So there you are. Your e-learning project is coming along nicely: The content has been validated by SME reviewers, you've adjusted the interface based on feedback from user testing with real learners, and the client team is in the process of reviewing the alpha link.
Then you get the call. A high-level stakeholder just reviewed the course, and she wants to add audio.
To clarify, we don’t have a blanket policy against using audio here at Allen Interactions (that would just be weird). What we do try to avoid is putting in audio where it isn’t instructionally relevant, because that could add a lot of cost for little or no change in performance. Neither am I suggesting that we remove multimedia from e-learning. Our most successful e-learning courses leverage rich multimedia to create engaging, effective experiences.
But seeing as Valentine’s Day is coming up, I wanted to share my true feelings about one of the humbler aspects of e-learning design: Text.
Text, you are a loyal friend. I'll admit, I've been spending time with some more fashionable members of the instructional designer's toolbox (I'm winking at you, virtual reality), but please don't get jealous. There will always be a place for you in my prototypes.
Here are three reasons you should show some love for the written word in your e-learning courses.
Reason #1: It’s engaging (if done well).
Animation isn’t the same as interactivity, and having rich multimedia doesn’t guarantee that learners will find an experience compelling. To provide a personal example of this, I devoured the novel Harry Potter and the Goblet of Fire, but despite its impressive visual and sound effects, I did not care much for Transformers: Revenge of the Fallen.
There isn’t a magic formula for engagement. Through models, we can definitely streamline the undertaking of designing memorable learning activities—our CCAF philosophy is one example of this. Yet designing good e-learning will never be simple and formulaic. We can’t create compelling interactions by thinking like a calculator: graphics + user action + feedback = learning. Each of these components needs to be considered individually to ensure that it contributes meaningfully to the overall experience. We must also consider the e-learning holistically, taking into account desired performance outcomes, business goals, technical and budgetary constraints, and the preferences, motivations, and capabilities of the learners themselves.
These considerations often lead us to put significant effort into writing good text content—not necessarily in the form of slides with a Next button, but as scenarios, learner choices, and feedback.
Reason #2: It’s flexible.
From a development perspective, text is great. I usually draft content in Microsoft® Word or in Google Docs™ that client stakeholders and SMEs can review and edit using tracked or suggested changes. Depending on the interaction, we might use other tools like Microsoft® Excel® instead, even if they aren’t always as functionally robust for word processing, it’s still relatively easy to review and revise content in something like a spreadsheet before we move to our alpha development phase.
Making content changes post-development is also easier with text. Just search the XML and replace it. Although voice acting, audio and video can (and should) be used to great effect in e-learning, it’s certainly much more difficult to edit those forms of media post-development than it is to make a text change.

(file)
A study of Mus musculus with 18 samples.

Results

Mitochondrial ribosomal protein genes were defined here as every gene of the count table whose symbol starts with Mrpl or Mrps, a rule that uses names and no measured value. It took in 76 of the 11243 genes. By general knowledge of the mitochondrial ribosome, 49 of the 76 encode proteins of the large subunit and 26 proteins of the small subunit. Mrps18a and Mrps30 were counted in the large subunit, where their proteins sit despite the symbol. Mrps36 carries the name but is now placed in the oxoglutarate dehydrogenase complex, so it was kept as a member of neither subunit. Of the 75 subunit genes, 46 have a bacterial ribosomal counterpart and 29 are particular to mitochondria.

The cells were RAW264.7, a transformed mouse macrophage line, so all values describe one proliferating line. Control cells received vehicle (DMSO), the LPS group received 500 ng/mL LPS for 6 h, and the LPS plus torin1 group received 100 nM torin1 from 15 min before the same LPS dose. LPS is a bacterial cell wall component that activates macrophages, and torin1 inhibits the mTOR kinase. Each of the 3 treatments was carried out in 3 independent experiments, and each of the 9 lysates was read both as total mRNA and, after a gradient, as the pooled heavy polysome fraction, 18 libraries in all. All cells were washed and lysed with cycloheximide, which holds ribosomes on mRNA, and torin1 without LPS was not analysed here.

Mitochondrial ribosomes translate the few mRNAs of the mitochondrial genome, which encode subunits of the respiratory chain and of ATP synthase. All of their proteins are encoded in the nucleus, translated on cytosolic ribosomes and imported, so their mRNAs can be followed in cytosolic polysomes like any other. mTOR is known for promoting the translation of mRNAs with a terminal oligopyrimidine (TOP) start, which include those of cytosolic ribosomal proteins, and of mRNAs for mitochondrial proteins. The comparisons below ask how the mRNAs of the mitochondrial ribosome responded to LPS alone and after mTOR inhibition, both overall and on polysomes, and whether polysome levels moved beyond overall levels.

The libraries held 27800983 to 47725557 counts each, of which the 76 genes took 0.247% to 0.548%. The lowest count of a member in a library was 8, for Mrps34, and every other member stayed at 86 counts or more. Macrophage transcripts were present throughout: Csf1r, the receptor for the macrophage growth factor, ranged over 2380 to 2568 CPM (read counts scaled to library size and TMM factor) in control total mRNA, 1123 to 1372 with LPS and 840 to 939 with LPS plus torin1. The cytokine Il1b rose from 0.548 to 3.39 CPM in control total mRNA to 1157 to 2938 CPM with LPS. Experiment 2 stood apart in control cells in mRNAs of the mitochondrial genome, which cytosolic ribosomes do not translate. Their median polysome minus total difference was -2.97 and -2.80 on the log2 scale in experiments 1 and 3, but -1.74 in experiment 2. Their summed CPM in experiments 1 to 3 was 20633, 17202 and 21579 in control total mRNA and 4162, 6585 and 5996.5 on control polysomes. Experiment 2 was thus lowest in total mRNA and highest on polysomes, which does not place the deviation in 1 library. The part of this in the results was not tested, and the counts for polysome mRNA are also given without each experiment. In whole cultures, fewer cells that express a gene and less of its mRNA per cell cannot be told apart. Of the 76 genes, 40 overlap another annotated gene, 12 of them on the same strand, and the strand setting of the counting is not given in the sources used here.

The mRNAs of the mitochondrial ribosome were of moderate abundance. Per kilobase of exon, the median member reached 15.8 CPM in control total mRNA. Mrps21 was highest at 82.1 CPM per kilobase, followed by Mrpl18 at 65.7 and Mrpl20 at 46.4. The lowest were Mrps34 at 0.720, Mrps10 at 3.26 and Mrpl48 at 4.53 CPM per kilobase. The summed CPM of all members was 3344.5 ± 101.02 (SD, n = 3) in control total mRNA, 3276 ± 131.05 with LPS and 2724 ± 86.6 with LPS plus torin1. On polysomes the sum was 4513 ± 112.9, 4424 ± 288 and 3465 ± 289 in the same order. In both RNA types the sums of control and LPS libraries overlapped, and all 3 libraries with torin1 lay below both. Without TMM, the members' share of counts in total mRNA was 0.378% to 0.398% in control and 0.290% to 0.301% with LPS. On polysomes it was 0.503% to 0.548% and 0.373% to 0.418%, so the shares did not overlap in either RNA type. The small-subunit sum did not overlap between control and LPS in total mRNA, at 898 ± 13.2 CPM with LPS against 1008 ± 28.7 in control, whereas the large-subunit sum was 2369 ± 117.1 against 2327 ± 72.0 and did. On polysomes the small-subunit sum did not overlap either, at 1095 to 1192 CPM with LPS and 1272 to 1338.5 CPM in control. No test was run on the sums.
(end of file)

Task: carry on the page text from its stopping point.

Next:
Well-crafted words don’t have to stay in one role; they can easily pull double duty for you and your learners. After the e-learning is launched, text can be pulled out, copied, and edited for other types of instructional treatments. Want to review the nuances of sales scenario #2 in your weekly team meeting? Pull the XML from your e-learning, extract the scenario text, and print it out. Or, put it into a tool like Poll Everywhere and have the learners text responses back to you from their smartphones.
Reason #3: It makes learners do the work.
I mentioned earlier that we occasionally get requests to add audio to match on-screen text. Sometimes these requests are followed by statements like, “Our learners prefer audio.” The question to ask in return is, “Why do they prefer it?” Perhaps employees say they want narration so they can check email while the course completes itself—but that's not learning!
As my colleague Edmond mentioned in his wildly popular cat GIF post, “training is supposed to enable learners to cross (on their own) a performance gap.” We can't carry learners from ignorance to understanding, or from incompetence to competence. It’s not possible to reach into another person’s brain and start slapping neurons together like LEGO®s. Learners must build their own connections through experience.
So I try to design e-learning in such a way that learners must apply key concepts and skills in order to complete it. If they make mistakes, that's great. They're then motivated to comprehend the feedback so they can be successful at their next attempt. We often put this feedback in text format rather than audio, because text allows learners to make attempts at their own pace, rather than at the pace of a narrator.
There—I've said it. I've bared my soul and shared my true feelings about e-learning text.
What's your experience in working with text and other media in e-learning? I'd be interested to hear your thoughts and stories!